Travel: A week in Haiti

Posted on October 23, 2010



Haiti is a country of stunning contrasts. It offers lush flora and fauna typical of the Caribbean, has rich yet under-managed natural resources, and a fascinating, complex culture and history. It is also the poorest country in the western hemisphere, has a 48% illiteracy rate, suffers the stifling effects of an archaic French class system and a powerful old-style church and clergy. Haitians have an average life expectancy of about 60 years, and a 5% HIV infection rate. Malaria, Typhoid, and recently, Cholera, are rampant.

Although I have traveled extensively in many less developed countries, nothing could have prepared me for the devastation in Port Au Prince (pop. 4 million), the earthquake ravaged (Jan 2010) capitol city. At least half the buildings have failed structurally in some way, some reduced to rubble, many more balancing precariously. The air is thick with the exhaust of gridlocked vehicles and more prominently the inescapable, acrid stench of burning garbage. There is also desperation in the air and in the searching eyes of the people. A tense basic order is maintained by heavily armed UN soldiers.

(The first photos in the slideshow are of Port Au Prince, then the Kamperan area. The few beach photos are at Cayes.)


Life here is more like Haiti before the earthquake. The standard of living here is still shocking, if less desperate.
Especially notable to me was the sad state of nutrition which directly relates to lowered immunity against the numerous infectious and vector-borne illnesses prevalent in the area. The abundance of densely nutritious wild fruits and vegetables growing in plain view around town and in the surrounding forest, are almost ignored in favor of expensive imported white rice which tends to dominate every plate.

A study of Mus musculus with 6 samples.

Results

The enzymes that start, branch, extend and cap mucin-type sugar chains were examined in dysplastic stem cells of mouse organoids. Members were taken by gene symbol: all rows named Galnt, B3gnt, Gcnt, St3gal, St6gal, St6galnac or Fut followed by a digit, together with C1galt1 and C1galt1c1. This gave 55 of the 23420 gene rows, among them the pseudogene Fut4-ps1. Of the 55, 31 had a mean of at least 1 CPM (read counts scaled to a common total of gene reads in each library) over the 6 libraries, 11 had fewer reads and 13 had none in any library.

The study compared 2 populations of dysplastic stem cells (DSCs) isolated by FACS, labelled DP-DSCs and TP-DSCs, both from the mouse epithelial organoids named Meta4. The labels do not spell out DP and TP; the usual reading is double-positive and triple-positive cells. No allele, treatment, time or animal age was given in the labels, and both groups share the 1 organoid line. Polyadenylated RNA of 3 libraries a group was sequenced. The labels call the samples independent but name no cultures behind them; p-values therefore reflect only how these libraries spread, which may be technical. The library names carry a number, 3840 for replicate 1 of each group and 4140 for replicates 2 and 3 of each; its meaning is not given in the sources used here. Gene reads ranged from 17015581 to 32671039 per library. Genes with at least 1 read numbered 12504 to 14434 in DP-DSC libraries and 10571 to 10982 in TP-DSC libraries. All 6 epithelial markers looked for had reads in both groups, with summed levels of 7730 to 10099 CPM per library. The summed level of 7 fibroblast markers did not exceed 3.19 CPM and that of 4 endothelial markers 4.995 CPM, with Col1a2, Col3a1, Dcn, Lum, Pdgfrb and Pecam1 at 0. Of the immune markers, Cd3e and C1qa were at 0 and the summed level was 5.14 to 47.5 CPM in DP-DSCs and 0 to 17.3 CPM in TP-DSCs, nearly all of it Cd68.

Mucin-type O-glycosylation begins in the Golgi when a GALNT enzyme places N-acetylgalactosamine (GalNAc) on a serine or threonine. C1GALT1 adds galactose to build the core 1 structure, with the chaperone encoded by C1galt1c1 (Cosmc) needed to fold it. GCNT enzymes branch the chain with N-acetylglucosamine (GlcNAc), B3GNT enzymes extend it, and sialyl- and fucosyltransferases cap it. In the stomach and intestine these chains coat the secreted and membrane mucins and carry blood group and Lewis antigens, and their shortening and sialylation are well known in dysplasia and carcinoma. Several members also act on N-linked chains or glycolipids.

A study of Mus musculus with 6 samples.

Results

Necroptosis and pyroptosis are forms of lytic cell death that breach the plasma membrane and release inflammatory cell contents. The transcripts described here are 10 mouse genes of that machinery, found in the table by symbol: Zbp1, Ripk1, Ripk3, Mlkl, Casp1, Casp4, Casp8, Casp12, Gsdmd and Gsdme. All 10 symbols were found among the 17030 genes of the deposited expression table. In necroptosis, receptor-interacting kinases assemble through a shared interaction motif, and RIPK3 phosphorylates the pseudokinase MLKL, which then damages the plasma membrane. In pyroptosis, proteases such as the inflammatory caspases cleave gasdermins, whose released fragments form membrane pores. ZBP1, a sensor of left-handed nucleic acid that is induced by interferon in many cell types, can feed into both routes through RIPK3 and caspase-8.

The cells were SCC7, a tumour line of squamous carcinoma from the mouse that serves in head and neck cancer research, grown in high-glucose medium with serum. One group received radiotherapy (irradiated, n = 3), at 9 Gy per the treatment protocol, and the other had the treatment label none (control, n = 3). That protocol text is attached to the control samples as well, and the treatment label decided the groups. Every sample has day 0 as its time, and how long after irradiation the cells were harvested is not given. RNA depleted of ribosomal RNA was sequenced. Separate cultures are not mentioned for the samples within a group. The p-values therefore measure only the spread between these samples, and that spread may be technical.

I raised the issue of nutrition with as many people as possible during my stay and it was very well received. The workshop I presented included the idea of holistic nutrition as a primary preventive measure, making full use of the natural abundance all around them, and a return to a more traditional local diet. We also asked people to bring local medicinal plants and spices. The idea was to encourage, validate, and expand upon local plant medicine knowledge and traditions. This ended up being a wonderful exchange of knowledge, and I learned at least as much as they did, if not more.

Thanks to everyone on the team for your pleasant company, knowledge, and insights; my aunt Denise, Francine, David, Manon, Guylaine, Farah, and Perpetue. Special thanks to Jacky in Kamperan for making our lives there so much easier.